The federal Conservatives have changed their membership rules in a way that will significantly alter the dynamics of their looming leadership race.
At the start of 2016, with little public notice, the Tories' national council raised the fee to join their party from $15 to $25. In the process, and more consequentially, theirs became the first federal party to altogether end cash payments for memberships – requiring new members to instead pay with credit cards or personal cheques.
Party insiders acknowledge that the move was at least partly aimed at making it harder for leadership (as well as local nomination) candidates to conduct mass signup efforts in which the campaigns, rather than the new recruits, cover the membership fees. And given the degree of commitment now involved in paying to join, it could somewhat shift leadership contenders' focus from enlisting new members to winning over existing ones.
Whether that is a good thing is the source of some debate within Conservatives ranks, and could become a matter of contention at the party's national convention in Vancouver this spring, roughly a year before the leadership vote.
In recent conversations, some Tories – including caucus members and veteran organizers, willing to speak only on a not-for-attribution basis – expressed concerns that their party risks sending the wrong signals as it seeks to renew itself after ending nearly a decade in power. It should be trying to engage as many people as possible in the leadership process, they argue, not requiring an investment that could be off-putting to some demographics – including younger and lower-income Canadians – with which it needs to make inroads.
Indeed, the Conservatives' new membership policy is sharply at odds with the approach adopted by the Liberals during the 2013 leadership contest that put Justin Trudeau at their helm. Rather than requiring people who wanted to vote in their leadership even to pay their party's comparatively cheap $10 membership fee, the Liberals allowed them to join a new "supporter class" free. Roughly 300,000 Canadians took them up on that, even though only a minority of them actually wound up voting, and the Liberals' open approach proved valuable in subsequent volunteer recruitment, fundraising and voter identification.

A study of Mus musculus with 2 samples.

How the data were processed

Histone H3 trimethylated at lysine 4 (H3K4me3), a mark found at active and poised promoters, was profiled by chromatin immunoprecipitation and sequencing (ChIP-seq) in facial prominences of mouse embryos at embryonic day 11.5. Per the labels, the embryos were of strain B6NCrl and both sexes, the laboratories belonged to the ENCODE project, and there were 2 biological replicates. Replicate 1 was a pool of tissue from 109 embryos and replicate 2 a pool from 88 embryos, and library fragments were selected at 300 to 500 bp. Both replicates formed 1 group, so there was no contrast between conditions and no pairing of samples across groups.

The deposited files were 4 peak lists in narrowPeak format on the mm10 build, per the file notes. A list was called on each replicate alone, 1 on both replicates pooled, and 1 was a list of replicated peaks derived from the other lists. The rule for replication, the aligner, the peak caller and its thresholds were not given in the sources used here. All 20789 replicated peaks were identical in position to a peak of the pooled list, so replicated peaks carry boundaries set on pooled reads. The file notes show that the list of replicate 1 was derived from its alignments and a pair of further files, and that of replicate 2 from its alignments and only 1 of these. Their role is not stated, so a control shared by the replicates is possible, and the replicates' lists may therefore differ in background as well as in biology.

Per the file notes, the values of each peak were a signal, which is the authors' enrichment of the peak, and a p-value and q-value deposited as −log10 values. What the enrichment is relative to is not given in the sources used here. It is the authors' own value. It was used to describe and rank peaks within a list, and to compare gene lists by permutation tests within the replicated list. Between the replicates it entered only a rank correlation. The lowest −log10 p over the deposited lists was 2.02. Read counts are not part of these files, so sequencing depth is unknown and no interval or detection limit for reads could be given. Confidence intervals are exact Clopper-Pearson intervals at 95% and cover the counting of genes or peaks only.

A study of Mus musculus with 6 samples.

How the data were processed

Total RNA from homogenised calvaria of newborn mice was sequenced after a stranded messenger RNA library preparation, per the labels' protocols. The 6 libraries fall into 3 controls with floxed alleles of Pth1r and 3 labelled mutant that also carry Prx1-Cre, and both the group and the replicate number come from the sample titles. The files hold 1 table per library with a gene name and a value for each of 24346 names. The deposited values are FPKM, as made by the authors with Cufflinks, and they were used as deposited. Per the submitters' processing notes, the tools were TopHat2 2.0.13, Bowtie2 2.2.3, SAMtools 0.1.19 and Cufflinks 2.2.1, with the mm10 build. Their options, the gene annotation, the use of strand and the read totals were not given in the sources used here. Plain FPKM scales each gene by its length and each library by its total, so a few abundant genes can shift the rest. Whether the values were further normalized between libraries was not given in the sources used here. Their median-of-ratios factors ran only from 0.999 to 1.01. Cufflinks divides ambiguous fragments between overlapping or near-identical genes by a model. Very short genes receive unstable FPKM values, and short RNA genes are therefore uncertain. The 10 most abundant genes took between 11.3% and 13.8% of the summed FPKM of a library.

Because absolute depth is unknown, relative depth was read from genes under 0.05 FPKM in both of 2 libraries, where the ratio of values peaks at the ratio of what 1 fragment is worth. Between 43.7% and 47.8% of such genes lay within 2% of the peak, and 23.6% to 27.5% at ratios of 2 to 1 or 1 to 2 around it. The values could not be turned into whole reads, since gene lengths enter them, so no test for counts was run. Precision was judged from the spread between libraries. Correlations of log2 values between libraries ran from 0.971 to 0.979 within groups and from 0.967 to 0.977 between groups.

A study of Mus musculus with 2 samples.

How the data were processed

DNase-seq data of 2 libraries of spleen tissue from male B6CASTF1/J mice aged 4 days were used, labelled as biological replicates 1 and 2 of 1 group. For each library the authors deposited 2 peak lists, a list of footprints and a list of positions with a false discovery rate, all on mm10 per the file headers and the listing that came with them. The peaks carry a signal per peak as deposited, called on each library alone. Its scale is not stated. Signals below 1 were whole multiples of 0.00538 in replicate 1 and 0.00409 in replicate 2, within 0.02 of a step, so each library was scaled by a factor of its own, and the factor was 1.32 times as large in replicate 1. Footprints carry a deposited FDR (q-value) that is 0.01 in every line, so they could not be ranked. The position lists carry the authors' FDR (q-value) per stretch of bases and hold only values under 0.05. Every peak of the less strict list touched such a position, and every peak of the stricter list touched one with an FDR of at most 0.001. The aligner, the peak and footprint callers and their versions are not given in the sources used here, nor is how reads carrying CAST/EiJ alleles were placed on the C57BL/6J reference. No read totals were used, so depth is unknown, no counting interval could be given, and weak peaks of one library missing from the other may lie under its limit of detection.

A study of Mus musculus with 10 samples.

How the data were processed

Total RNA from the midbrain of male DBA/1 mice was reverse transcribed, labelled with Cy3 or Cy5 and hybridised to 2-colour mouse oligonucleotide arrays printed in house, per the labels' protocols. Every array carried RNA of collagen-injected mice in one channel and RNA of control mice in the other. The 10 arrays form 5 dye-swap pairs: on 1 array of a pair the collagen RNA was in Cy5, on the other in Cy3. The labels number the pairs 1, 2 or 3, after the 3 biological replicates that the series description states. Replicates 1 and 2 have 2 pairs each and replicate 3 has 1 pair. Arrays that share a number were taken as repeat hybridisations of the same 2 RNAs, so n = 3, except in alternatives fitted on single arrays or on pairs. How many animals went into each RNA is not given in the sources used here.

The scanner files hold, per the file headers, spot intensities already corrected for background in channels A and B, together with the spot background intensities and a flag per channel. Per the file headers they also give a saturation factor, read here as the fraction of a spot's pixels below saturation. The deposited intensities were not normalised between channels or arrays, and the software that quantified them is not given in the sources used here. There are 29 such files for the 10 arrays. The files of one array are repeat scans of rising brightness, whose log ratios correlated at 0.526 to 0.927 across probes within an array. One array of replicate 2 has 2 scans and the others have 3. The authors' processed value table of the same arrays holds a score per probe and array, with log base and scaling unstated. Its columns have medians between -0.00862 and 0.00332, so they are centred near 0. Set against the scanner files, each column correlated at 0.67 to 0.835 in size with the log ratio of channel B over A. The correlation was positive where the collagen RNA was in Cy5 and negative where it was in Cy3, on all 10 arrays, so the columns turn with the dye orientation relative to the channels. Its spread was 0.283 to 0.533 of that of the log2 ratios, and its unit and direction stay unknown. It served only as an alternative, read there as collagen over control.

In response to concerns about being more exclusive, the official response from Conservative brass is that even the increased fees are a small price to pay. "There is of course very good value in holding a party membership, especially now when Conservatives are going to be electing the new Prime Minister of Canada," party spokesperson Cory Hann said by e-mail, adding that "a substantial cost break is given to a two-year membership fee."
But even if Canadians take advantage of that deal, which lowers the average annual cost to $17.50, the party's new rules dictate they still can't pay with cash. And unofficially, senior Conservatives acknowledge that the change is aimed at thwarting any prospective candidates trying to swamp the party with instant members who have made little serious commitment.
That, fairly or not, is what some Conservatives perceived to have happened in last year's Ontario Progressive Conservative leadership race, which former federal MP Patrick Brown won despite limited support from the party establishment. Mr. Brown drew heavily from supporters in South Asian communities, as well as social-conservative groups. And while no such complaints against him have been substantiated, it has not been uncommon for candidates in leadership or nomination races to go to places (notably religious centres) where large numbers of people can be reached at once, entice them merely to sign membership forms, then submit those forms with cash payments from campaign funds rather than the new members themselves.
There have been whispers in Conservative circles that the inability to use such tactics in the federal leadership could help explain the hesitation of Jason Kenney, a potential front-runner who would rely heavily on support from immigrant communities, to join the race. Allies likely to work on the former immigration minister's campaign if he takes the plunge dismissed that assessment – arguing that if anything the new fee policy would make it harder for those who haven't already put in as much relationship-building work as him.
As Jamie Ellerton, a former aide to Mr. Kenney, put it: "A candidate with more enduring ties and relationships would seem to me to have a competitive advantage with the new membership rules."
If other potential candidates or their backers are strongly unhappy with the new fees, they could try to do something about it this spring – either raising the issue on the floor of their convention, or trying to elect a new national council that shares their view.
If the debate comes more into the open, it will cut to the question of just how wide open a party should be. For the Liberals, hollowed out by the time of their 2013 leadership, the imperative was to engage (and collect data on) every person possible, particularly once it became clear Mr. Trudeau would easily win regardless. In much more solid shape at the outset of a race likely to be more competitive, the Tories for now appear mindful of protecting what they have.